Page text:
Ashley Judd: Not why I marched. Credit: WikiCommons

Last week I left my safe space, my small town in Mississippi, to make a solo pilgrimage to Washington D.C. to check out the Trump inauguration. I had a few “small town girl visiting the busy city” moments while I was there but the most overwhelming experience was when I went to the Women’s March on Washington.

I had no expectations of the march, other than wondering if it would be mostly a bunch of Pantsuit Nation, safety-pin wearing liberal women. I had heard about the celebrity speakers ahead of time and about the exclusion of the pro-life group, New Wave Feminists. Unfortunately, after the mass turnout and breathtaking show of opposition to the incoming administration, all I am hearing about still are the celebrities and the abortion issue.

But that’s not why I marched, nor why most others marched either.

I wasn’t shocked by the contempt and disapproval of the event voiced by my peers and many community friends. In South Mississippi, conservative ideas are part of the landscape, like sunny days and shrimp po-boys. What does bother me is that the criticism is mostly over celebrity participants and the issue of  abortion.

It’s true that in typical elite liberal fashion, event organizers presented celebrities as the voice of the march, as if they had learned nothing from Hillary’s campaign failed effort to win over voters  with endorsements from clueless Hollywood A-listers.  We don’t need Ashley Judd reciting a dimwitted spoken word poem with forced conviction. We don’t need Madonna talking about wanting to “blow up the White House” while she lounges about her Manhattan apartment, Los Angeles estate and London mansion.

We could also have done without denying pro-life groups the status of feminism. I’m a feminist but I didn’t take a pledge to support identity politics and personal choices and don’t think the title of feminist should be defined by one’s opinion of Roe vs. Wade.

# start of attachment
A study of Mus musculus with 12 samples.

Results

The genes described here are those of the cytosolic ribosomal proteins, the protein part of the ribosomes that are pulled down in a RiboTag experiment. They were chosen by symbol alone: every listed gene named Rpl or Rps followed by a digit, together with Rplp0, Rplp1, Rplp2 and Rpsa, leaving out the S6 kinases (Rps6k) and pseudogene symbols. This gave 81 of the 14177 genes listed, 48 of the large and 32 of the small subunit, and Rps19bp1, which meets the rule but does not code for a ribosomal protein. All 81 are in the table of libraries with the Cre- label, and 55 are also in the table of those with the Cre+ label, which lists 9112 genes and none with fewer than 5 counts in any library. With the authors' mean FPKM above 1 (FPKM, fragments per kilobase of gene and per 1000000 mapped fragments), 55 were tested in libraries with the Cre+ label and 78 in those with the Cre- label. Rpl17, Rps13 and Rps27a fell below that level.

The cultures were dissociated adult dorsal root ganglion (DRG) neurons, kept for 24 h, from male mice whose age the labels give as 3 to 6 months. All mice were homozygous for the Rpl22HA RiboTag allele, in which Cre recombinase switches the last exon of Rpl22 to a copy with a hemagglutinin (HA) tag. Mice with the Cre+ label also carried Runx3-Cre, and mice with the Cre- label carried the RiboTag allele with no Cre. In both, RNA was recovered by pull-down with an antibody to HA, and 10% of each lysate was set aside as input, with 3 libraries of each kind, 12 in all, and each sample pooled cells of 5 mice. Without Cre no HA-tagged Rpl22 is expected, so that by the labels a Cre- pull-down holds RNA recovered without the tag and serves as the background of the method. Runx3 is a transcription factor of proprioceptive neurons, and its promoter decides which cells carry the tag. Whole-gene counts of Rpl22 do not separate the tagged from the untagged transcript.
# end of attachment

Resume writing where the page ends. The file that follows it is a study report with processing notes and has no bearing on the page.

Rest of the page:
I know many progressives who are pro-life. However, through the concerted efforts of the organizers, the event came across as a mass gathering of abortion advocates and reality-detached celebrities. Meanwhile, there was shockingly little said about any sort of economic program or policies that could attract the working class and poor voters who sat out the election or voted for Trump.

Still, I’m glad I marched, which I decided to do after walking with the crowd that morning. It was already thick by the time I got there so I wasn’t near the stages nor could I hear the televised speeches. I saw pro-choice feminists who donned pink pussy hats and held signs advocating their right to choose.

But I also saw and spoke to many women who were there primarily to oppose the Trump administration and who marched for different reasons: the environment, Black Lives Matter, immigrants, Muslims. They had signs supporting unions and public education. They called for better healthcare and livable wages.  They were there to oppose cabinet picks like Betsy Devos and Michael Flynn or to protest white supremacy and misogyny.

The one overall theme that was evident on every packed corner was opposition to the Trump administration and to remind the newly elected president that he did not win the popular vote. He may have won the election and have taken control of the government but democracy doesn’t end with voting.

Perhaps the most moving moment for me that day was I marched down Pennsylvania Avenue as the crowd chanted, “What does democracy look like? This is what democracy looks like!” I glanced up and noticed a banner on the Wilson Building, where the D.C. mayor’s office and city council are located. On the banner was a popular quote from Washington’s own Frederick Douglas, who once proclaimed, “Power concedes nothing without demand. It never did, and it never will.”

That’s why I marched and that, I suspect, is why many others did too.